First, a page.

In the wake of surge in gold imports, the government would soon impose some curbs on its inward shipment to prevent current account deficit (CAD) from going out of hand.
“Things are being worked out by the Finance Ministry and some announcements (restrictions) may come in a day or two,” a source said.
Gold import surged almost four times to USD 4.17 billion in October from USD 1.09 billion in the same month a year ago.
In value terms, gold imports have touched 150 tonnes in October, as against 24 tonnes during the same period a year ago.
The high imports have pushed up the country’s trade deficit to USD 13.35 billion as against USD 10.59 billion in October 2013.
Last week, the government held a meeting to discuss ways to curb the rising inward shipment of the precious metal.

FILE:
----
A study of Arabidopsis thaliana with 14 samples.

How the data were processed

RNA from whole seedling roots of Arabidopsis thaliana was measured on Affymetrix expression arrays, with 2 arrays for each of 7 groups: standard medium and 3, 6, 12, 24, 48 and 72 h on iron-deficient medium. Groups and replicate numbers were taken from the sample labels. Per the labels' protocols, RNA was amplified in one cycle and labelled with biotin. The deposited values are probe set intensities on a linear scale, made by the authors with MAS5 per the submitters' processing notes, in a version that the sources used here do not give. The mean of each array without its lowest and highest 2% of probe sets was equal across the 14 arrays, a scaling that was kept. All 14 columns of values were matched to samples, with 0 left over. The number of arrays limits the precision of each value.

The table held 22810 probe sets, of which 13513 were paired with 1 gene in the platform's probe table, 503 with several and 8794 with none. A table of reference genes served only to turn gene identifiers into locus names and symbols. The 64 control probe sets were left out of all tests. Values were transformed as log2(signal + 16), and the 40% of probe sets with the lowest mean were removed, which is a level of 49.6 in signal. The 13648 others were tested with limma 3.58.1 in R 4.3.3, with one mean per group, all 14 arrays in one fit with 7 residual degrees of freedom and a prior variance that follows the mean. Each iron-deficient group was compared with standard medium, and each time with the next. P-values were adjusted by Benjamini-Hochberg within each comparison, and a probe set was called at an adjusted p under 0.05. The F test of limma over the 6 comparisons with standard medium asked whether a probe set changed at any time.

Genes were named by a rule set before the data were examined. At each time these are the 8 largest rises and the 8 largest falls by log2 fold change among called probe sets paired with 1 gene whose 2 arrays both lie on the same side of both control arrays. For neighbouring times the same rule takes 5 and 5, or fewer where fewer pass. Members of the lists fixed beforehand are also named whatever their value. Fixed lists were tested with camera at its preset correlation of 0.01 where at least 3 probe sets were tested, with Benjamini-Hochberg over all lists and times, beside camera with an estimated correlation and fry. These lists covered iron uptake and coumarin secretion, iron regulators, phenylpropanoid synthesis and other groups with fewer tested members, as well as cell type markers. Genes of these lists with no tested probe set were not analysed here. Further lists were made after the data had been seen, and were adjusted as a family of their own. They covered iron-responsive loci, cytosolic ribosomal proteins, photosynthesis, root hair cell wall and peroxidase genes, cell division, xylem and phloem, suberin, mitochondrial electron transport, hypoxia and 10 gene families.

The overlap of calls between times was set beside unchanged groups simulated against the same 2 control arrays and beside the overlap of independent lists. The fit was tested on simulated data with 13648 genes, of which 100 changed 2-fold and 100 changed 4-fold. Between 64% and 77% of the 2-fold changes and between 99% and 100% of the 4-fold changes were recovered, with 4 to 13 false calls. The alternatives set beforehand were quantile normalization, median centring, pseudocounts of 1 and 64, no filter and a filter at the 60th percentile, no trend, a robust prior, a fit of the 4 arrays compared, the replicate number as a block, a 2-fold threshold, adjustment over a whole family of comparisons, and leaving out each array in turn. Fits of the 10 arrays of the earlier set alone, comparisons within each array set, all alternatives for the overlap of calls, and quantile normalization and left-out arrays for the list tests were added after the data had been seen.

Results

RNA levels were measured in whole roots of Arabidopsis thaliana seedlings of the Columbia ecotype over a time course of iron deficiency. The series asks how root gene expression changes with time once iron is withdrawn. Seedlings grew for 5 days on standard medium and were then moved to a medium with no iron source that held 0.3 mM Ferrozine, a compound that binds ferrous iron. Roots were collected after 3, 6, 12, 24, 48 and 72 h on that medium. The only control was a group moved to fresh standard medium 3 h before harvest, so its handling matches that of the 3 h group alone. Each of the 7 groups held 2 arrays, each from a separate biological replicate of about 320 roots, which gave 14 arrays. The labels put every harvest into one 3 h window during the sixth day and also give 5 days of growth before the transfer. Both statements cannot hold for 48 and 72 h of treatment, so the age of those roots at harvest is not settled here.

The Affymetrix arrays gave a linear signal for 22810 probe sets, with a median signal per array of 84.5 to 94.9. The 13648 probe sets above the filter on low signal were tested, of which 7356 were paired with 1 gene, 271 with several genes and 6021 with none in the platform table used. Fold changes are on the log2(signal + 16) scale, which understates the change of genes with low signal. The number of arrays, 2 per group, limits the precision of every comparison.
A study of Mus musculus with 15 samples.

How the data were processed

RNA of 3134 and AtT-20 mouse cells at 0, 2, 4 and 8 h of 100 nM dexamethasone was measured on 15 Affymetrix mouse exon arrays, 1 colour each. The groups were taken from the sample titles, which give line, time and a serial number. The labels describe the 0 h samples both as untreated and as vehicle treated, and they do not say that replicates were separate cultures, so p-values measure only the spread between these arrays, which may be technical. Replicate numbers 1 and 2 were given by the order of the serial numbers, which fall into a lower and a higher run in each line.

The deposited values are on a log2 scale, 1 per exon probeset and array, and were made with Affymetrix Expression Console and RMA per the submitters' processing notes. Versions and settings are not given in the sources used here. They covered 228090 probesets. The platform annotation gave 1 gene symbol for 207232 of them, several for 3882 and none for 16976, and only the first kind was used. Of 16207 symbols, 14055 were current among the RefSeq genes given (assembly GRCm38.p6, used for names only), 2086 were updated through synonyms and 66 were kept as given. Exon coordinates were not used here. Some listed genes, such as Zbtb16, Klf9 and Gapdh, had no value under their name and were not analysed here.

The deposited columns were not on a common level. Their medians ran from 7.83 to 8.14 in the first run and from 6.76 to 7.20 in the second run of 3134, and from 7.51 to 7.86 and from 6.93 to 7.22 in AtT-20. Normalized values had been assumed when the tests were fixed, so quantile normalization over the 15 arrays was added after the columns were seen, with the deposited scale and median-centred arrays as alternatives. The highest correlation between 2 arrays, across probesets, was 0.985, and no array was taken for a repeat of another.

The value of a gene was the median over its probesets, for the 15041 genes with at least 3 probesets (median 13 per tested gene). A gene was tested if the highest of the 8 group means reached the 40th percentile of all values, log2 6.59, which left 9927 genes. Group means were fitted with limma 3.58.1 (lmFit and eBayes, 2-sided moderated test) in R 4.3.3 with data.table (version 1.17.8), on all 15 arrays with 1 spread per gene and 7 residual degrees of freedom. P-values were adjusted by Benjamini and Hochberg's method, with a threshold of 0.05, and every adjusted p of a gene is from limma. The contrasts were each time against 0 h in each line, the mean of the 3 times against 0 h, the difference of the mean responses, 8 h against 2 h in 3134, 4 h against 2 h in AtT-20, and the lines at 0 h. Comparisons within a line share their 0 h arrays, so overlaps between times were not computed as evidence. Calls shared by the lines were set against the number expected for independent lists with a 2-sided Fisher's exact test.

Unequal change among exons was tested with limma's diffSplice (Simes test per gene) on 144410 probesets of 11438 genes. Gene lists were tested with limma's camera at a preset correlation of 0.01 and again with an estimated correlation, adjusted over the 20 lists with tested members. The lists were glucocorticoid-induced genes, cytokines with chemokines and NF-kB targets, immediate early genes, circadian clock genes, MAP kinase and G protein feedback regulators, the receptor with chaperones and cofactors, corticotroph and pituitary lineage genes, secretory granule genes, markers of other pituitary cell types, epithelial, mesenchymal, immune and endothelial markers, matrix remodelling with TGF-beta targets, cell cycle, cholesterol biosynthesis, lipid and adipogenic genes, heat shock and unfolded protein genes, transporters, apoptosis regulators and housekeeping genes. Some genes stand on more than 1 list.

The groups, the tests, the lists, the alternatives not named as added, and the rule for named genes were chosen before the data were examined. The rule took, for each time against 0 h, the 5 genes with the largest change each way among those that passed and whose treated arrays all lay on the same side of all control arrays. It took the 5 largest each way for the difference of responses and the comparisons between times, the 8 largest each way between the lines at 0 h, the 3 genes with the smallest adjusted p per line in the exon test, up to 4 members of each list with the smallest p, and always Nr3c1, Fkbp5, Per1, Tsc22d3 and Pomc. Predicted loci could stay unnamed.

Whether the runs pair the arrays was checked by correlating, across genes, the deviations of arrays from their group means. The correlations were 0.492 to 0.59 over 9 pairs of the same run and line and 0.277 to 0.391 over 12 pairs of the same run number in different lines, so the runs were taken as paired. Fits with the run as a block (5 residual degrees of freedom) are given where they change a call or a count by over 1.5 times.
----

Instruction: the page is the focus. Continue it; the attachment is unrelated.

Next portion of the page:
The Reserve Bank of India in August last year had imposed severe restrictions on gold imports and raised import duty on the precious metal to 10 per cent to check burgeoning current account deficit and sliding rupee.
The steps by the central government though helped lower gold imports substantially, also increased instances of smuggling.
In May, the previous UPA government eased certain rules and allowed private agencies to import gold under 80:20 scheme. This facility was available to select banks only and other entities were barred from importing the metal.
Under the 80:20 scheme, an importer has to ensure that at least one-fifth, or 20 per cent, of every lot of imported gold is exclusively made available for the purpose of exports and the balance for domestic use.
The CAD, which had touched a record high of USD 88.2 billion or 4.8 per cent of GDP in 2012-13 is estimated to have come down to below USD 32.4 billion or 1.7 per cent of GDP in 2013-14.
In April-June quarter of the current fiscal, the CAD narrowed sharply to 1.7 per cent, from 4.8 per cent of the GDP a year ago.